The Sunday Project

Lost in the Woods

Twenty-second Sunday in Ordinary Time |

By Violet
person navigating a maze
Dt 4:1-2, 6-8

Moses said to the people: “Now, Israel, hear the statutes and decrees which I am teaching you to observe, that you may live, and may enter in and take possession of the land which the LORD, the God of your fathers, is giving you. In your observance of the commandments of the LORD, your God, which I enjoin upon you, you shall not add to what I command you nor subtract from it. Observe them carefully, for thus will you give evidence of your wisdom and intelligence to the nations, who will hear of all these statutes and say, ‘This great nation is truly a wise and intelligent people.’ For what great nation is there that has gods so close to it as the LORD, our God, is to us whenever we call upon him? Or what great nation has statutes and decrees that are as just as this whole law which I am setting before you today?”

Second Reading
Jas 1:17-18, 21b-22, 27

Dearest brothers and sisters: All good giving and every perfect gift is from above, coming down from the Father of lights, with whom there is no alteration or shadow caused by change. He willed to give us birth by the word of truth that we may be a kind of firstfruits of his creatures.

Humbly welcome the word that has been planted in you and is able to save your souls.

Be doers of the word and not hearers only, deluding yourselves.

Religion that is pure and undefiled before God and the Father is this: to care for orphans and widows in their affliction and to keep oneself unstained by the world.

Gospel Reading
Mk 7:1-8, 14-15, 21-23

When the Pharisees with some scribes who had come from Jerusalem gathered around Jesus, they observed that some of his disciples ate their meals with unclean, that is, unwashed, hands. —For the Pharisees and, in fact, all Jews, do not eat without carefully washing their hands, keeping the tradition of the elders. And on coming from the marketplace they do not eat without purifying themselves. And there are many other things that they have traditionally observed, the purification of cups and jugs and kettles and beds. — So the Pharisees and scribes questioned him, “Why do your disciples not follow the tradition of the elders but instead eat a meal with unclean hands?” He responded, “Well did Isaiah prophesy about you hypocrites, as it is written: This people honors me with their lips, but their hearts are far from me; in vain do they worship me, teaching as doctrines human precepts. You disregard God’s commandment but cling to human tradition.”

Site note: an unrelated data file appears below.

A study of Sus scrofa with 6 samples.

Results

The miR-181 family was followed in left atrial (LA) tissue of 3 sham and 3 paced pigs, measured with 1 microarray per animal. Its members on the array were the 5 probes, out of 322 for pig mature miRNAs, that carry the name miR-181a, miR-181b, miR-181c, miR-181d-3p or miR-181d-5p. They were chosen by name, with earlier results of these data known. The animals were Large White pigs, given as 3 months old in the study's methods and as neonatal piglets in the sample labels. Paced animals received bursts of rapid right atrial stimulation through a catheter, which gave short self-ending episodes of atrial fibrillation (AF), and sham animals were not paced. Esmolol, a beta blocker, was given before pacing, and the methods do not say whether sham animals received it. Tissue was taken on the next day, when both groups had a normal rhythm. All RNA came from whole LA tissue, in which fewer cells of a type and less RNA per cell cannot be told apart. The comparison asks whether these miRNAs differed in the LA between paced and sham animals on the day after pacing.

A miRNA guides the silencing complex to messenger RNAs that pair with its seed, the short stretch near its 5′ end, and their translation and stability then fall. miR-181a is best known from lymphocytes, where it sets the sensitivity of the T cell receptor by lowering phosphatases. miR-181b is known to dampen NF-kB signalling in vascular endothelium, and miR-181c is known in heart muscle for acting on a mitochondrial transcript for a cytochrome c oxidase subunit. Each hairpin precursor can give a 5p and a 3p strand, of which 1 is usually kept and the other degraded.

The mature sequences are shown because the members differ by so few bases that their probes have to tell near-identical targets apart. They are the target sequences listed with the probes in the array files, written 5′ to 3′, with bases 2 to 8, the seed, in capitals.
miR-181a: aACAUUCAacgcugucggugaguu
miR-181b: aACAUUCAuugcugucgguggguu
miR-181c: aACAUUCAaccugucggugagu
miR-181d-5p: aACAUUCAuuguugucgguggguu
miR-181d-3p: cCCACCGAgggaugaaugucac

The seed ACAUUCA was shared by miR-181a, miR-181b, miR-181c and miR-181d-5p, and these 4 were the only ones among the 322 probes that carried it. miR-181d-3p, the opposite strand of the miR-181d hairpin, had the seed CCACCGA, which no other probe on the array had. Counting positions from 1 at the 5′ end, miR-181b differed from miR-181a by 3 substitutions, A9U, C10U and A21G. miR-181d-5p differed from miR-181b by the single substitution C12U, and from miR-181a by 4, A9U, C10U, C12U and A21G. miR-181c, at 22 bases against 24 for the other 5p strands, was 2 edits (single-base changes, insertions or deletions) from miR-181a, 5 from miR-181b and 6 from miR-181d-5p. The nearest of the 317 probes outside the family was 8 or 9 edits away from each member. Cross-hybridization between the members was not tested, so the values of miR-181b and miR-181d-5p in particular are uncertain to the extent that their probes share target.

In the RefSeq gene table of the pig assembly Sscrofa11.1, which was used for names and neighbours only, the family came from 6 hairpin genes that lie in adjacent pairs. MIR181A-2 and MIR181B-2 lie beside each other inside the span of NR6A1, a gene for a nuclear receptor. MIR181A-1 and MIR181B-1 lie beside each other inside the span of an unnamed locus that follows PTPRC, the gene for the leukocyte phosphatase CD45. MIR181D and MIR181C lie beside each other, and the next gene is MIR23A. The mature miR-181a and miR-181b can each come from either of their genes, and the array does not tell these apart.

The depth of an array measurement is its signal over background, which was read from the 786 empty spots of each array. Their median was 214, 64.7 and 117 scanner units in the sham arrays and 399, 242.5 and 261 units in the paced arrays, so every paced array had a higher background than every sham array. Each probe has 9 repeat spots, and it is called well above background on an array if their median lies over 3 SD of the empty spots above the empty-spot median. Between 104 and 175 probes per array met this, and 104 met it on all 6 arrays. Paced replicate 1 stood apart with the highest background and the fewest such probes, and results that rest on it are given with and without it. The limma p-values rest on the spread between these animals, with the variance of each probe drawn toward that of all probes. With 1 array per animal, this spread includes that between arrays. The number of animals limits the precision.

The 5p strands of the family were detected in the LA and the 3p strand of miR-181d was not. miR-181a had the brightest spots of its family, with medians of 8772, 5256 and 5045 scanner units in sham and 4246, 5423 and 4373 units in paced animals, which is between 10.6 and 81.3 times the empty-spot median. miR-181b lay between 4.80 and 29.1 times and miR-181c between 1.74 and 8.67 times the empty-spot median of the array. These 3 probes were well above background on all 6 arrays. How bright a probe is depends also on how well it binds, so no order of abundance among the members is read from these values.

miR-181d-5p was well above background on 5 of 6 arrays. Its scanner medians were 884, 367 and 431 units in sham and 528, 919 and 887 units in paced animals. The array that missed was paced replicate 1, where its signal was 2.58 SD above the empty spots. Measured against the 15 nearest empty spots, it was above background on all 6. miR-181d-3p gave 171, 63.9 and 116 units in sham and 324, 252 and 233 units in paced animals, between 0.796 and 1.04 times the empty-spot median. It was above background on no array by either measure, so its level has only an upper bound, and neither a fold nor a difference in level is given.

He summoned the crowd again and said to them, “Hear me, all of you, and understand. Nothing that enters one from outside can defile that person; but the things that come out from within are what defile.

“From within people, from their hearts, come evil thoughts, unchastity, theft, murder, adultery, greed, malice, deceit, licentiousness, envy, blasphemy, arrogance, folly. All these evils come from within and they defile.”


When I say we’ve all lost things I’m sure some of the following things may come to mind: loose change, maybe an assignment for school, maybe even a set of keys. We think about lost things in the scope of these types of material objects that which we have misplaced only to hopefully find them again latter. However, lost things don’t just have to be material objects they can also be pieces of ourselves.

We are conditioned and trained to live in this busy chaotic world. One which is always moving, always changing, and is always awake. In an effort to keep afloat in this type of world we sometimes lose ourselves.

I think for a very long time many years in fact I’ve sort of lost sight of who I am; of what really matters. I got that reminder recently in the form of a specter from my past (let’s for purposes of this reflection call that particular specter from my past: the wolf) that I thought I had ditched and ran from a long time ago showing up in my life again. I guess seeing the wolf that I ran from four years ago when I should have trusted its advice show up in my life again giving me a second chance sort of reminded me of how many mistakes I made over the past few years.

Four years ago, I outright rejected the wolf because I was too caught up in putting all my time, effort, and energy into fitting in. A cycle which I don’t think I’ve ever completely managed to break out of despite changing a ton in that four-year time span.

I decided to finally make amends with the wolf, and finally take the advice to cut some toxic things out of my life that I had taken root, and that have been dragging me down a path of depression these last four years. To start actually for the first time in a long time take control over my life, and start being myself, and stop being others puppet on a string.

To be honest so far, the wolfs advice has been working; I’m honestly starting to feel truly happy again for the first time in a really long time.

I guess the moral of this reflection while it is going to be a short one is that amidst these chaotic times-amidst all the politics, covid, and all the stuff that has been happening in the church lately- we live in right now take a moment to stop and ask yourself whether or not you might have lost anything that which is important to you.